Athens is the only European capital where vineyards and wineries lie within a stone’s throw from the city? Did you know that this region is the birthplace of the renowned retsina wine? Let the aroma take you through memorable wine routes in one of the world’s oldest grapevine plantations. Try old classic or new labels in the cellars of local wineries. Feel the sweet euphoria that lives in the magical world of wine.
Attica is a region favoured with a great climate for winemaking. The winters are mild, the hours of sunshine many, the local summer winds (meltemia) and the sea breeze lower the temperature in the summer. As a result, there are the ideal conditions for viticulture. 6,500 ha of grapevine fields, modern wineries that respect the age-old winemaking tradition and indigenous superior quality varieties. The history of the Attican vineyards goes hand in hand with good quality, and modern technology helps enhance the production of fine wines. The wineries are open to visitors for a tour around and some sampling before selection and purchase.
For wine lovers interested in wine tourism, there is a great abundance of wineries in the area. Some of them are just visiting spots, while others have specially equipped rooms for social events.
Wine tasting in Greece once meant visiting someone in the neighborhood who had a few barrels of retsina in their basement. The owner would weigh the empty pots on the same floor scale used for charcoal or firewood sacks. Before filling them, if the barrel had just been opened, the visitors were encouraged to taste the content.
Unless the owner had formed an improvised wine association with his friends, it was unlikely to have more than one glasses. The glass was washed up with water from an external tap and reused.
No one complaint for the lack of variety -the choices usually ranged among retsina, white and reddish wine. Most of this bulk wine, however, was delicious. Chardonnay or Cabernet Sauvignon were yet to come.
Greek Mythology and winemaking is stronlgy connected. It was during a trip of god Dionysus to Attica where he was offered the hospitality of King Ikarios. He then decided that the area was suitable for growing his beloved grape vine. As a result, he taught Ikarios how to cultivate it and produce wine. He then took to visiting every village in Attica, offering wine to the locals.
Wine and grapes were always considered to be among the most important products of Ancient Athens. Local wine would travel across the then known world in the Attican amphorae; archaeological finds such as kylixes, craters and other vessels are proof of the Greek capital’s wine history and the unique viticultural tradition that dates thousands of years. Today, wine producers cultivate indigenous as well as imported varieties, they use their know-how and they keep experimenting in order to produce top quality wines that have earned Attica a fine position in the international wine map.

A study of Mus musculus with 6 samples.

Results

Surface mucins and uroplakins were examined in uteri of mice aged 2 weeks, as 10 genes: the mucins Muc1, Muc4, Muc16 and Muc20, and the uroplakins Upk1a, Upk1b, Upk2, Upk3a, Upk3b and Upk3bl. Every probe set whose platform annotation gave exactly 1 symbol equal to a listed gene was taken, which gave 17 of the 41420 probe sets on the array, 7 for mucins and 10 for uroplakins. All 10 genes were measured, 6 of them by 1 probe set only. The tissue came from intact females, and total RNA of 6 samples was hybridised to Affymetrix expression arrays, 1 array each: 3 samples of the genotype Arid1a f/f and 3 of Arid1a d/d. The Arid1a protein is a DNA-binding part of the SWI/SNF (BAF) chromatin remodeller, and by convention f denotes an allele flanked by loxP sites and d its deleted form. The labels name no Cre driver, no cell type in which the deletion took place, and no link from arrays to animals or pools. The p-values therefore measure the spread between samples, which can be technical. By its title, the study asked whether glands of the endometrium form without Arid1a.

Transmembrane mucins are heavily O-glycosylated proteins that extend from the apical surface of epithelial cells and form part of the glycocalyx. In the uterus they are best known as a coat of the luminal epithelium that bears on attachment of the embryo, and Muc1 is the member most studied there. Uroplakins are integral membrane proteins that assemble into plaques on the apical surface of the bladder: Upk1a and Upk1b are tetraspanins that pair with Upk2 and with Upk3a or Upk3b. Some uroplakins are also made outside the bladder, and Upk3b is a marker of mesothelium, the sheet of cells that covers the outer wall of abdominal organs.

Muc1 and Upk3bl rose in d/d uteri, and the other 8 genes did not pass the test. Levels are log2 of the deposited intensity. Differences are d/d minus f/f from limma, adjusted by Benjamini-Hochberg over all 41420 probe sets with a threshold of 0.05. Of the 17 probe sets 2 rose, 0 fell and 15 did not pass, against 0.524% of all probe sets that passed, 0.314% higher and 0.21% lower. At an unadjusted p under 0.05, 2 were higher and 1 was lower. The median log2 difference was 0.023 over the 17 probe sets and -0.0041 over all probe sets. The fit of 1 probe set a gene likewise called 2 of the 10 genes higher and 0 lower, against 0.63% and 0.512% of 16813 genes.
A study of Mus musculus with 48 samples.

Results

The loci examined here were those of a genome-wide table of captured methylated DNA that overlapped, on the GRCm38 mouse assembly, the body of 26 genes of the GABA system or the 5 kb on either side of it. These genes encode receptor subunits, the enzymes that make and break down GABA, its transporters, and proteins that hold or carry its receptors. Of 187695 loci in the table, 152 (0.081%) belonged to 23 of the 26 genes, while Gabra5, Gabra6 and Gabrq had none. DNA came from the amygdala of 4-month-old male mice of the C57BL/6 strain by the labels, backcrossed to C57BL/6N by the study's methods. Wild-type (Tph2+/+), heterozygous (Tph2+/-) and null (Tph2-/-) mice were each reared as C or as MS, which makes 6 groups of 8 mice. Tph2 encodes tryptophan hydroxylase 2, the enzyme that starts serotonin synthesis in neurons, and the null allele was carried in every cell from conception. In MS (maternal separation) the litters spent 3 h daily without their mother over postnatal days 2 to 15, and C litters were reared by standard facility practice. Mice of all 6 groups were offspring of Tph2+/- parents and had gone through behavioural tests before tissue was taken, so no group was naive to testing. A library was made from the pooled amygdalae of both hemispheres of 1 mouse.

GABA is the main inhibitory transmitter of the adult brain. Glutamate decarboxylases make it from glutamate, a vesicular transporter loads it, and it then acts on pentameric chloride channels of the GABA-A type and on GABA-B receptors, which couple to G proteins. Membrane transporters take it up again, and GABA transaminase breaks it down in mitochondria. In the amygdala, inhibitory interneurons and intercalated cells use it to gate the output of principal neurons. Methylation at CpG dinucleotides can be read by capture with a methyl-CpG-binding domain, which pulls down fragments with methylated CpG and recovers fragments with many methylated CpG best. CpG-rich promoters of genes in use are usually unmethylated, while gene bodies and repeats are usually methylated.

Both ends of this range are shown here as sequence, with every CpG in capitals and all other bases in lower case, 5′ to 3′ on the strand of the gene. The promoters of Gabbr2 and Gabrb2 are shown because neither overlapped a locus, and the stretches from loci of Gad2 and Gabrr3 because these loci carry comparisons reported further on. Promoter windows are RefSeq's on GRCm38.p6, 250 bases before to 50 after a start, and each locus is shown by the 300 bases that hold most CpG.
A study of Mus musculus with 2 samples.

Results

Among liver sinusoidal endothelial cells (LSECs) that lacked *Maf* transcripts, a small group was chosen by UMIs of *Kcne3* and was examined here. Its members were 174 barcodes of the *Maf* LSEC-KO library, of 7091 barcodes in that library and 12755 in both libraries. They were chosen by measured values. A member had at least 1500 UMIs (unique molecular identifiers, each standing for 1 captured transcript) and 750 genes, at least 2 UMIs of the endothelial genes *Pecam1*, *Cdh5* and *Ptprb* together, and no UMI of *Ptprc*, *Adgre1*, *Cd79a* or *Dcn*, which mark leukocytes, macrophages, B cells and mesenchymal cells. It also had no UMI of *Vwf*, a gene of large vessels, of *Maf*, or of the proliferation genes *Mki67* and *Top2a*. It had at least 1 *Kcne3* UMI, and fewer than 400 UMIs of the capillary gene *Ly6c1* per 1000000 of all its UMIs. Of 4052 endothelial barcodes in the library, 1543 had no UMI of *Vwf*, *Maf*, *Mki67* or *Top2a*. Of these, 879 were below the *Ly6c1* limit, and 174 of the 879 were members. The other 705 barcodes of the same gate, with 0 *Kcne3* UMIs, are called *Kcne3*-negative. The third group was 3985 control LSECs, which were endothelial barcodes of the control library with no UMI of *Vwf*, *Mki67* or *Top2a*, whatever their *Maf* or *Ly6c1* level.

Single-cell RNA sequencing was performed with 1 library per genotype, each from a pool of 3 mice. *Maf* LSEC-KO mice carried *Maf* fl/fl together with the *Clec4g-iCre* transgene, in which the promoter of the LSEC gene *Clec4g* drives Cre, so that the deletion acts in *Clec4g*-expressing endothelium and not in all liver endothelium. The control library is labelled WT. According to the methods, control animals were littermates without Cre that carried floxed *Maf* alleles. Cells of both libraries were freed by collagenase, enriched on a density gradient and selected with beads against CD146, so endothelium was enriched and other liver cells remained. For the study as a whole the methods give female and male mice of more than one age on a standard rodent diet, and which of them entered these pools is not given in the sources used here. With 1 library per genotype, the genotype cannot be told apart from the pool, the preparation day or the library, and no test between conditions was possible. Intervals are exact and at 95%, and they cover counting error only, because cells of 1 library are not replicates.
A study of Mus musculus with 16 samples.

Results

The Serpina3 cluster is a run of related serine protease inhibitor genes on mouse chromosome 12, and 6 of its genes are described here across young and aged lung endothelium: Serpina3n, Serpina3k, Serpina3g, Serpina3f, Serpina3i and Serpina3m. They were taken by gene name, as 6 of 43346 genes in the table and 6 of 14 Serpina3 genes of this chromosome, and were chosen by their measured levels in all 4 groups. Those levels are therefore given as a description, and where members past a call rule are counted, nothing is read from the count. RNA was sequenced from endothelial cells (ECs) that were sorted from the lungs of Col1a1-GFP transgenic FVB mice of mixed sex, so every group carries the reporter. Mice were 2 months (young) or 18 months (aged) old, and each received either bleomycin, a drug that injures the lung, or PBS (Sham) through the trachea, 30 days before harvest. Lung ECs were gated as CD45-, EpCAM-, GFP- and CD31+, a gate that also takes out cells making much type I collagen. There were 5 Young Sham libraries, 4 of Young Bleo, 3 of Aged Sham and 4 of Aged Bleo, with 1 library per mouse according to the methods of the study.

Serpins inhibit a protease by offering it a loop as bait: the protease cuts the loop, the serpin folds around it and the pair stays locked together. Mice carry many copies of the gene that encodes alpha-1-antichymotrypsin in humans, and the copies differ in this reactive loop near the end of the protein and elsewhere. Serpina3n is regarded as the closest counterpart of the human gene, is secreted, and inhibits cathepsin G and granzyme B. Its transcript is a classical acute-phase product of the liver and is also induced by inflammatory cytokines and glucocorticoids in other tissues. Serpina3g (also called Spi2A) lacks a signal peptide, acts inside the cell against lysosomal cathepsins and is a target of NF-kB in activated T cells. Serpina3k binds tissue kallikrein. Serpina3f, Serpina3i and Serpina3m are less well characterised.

Native and selected foreign varieties grow in the vineyards of Attica. White grape varieties have clearly prevailed over red ones in the area. This happened mostly because winemakers selected Savvatiano and Roditis. Two Greek varieties that flourish in 80% of Attica’s fields. These are some of the many varieties that we have in Attica. Also, Athiri, Vilana, White Muscat, Assyrtiko, Robola, Muscat of Alexandria, Muscat of Hamburg, Fileri and Malagouzia. The well-known Retsina wine is produced from Savvatiano with added pine resins of the species Pinus Halepensis. Kokkineli, the rosé ‘counterpart’ of Retsina is made from Roditis.
Some of today’s best Greek red wines are made from red varieties, such as mandilaria and agiorgitiko, which grow well in Attica’s fertile land.
The resin-enriched wine boasts an unbroken history spanning 4,000 years. The famous retsina has been the trademark of Athens as well as Greece from the Interwar Period until the ‘60s. It is said that its unique taste is owed to a method of sealing the amphorae with pine resin in ancient Greece. The target was to prevent the wine from going sour for as long as possible. The ancient Greeks invented the use of the pine resin in order to seal up the mouth of the vessel. Over time the resin’s special aroma would enrich the wine. Later on resin was added to the must in order to flavour the wine and preserve it better.
Retsina is a wine with fresh resin notes which make it spicier and it is the perfect accompaniment to Greek dishes with an intense flavour. It has a mild aroma, the right acidity and a balanced sweetness that have made it the ideal partner for seafood. It is also served next to strong-flavoured appetizers such as taramasalata, octopus and risotto, as well as tarts and poultry. Codfish with skordalia, fried small fish, meatballs, tzatziki, olive oil braised vegetables. All Greek specialties that required a white resinated wine to bring out their full flavour. So, cool a bottle of Savvatiano and enjoy it under the Attican blue sky, the sun and the refreshing breeze of this magical land with the oldest uninterrupted winemaking history in the world.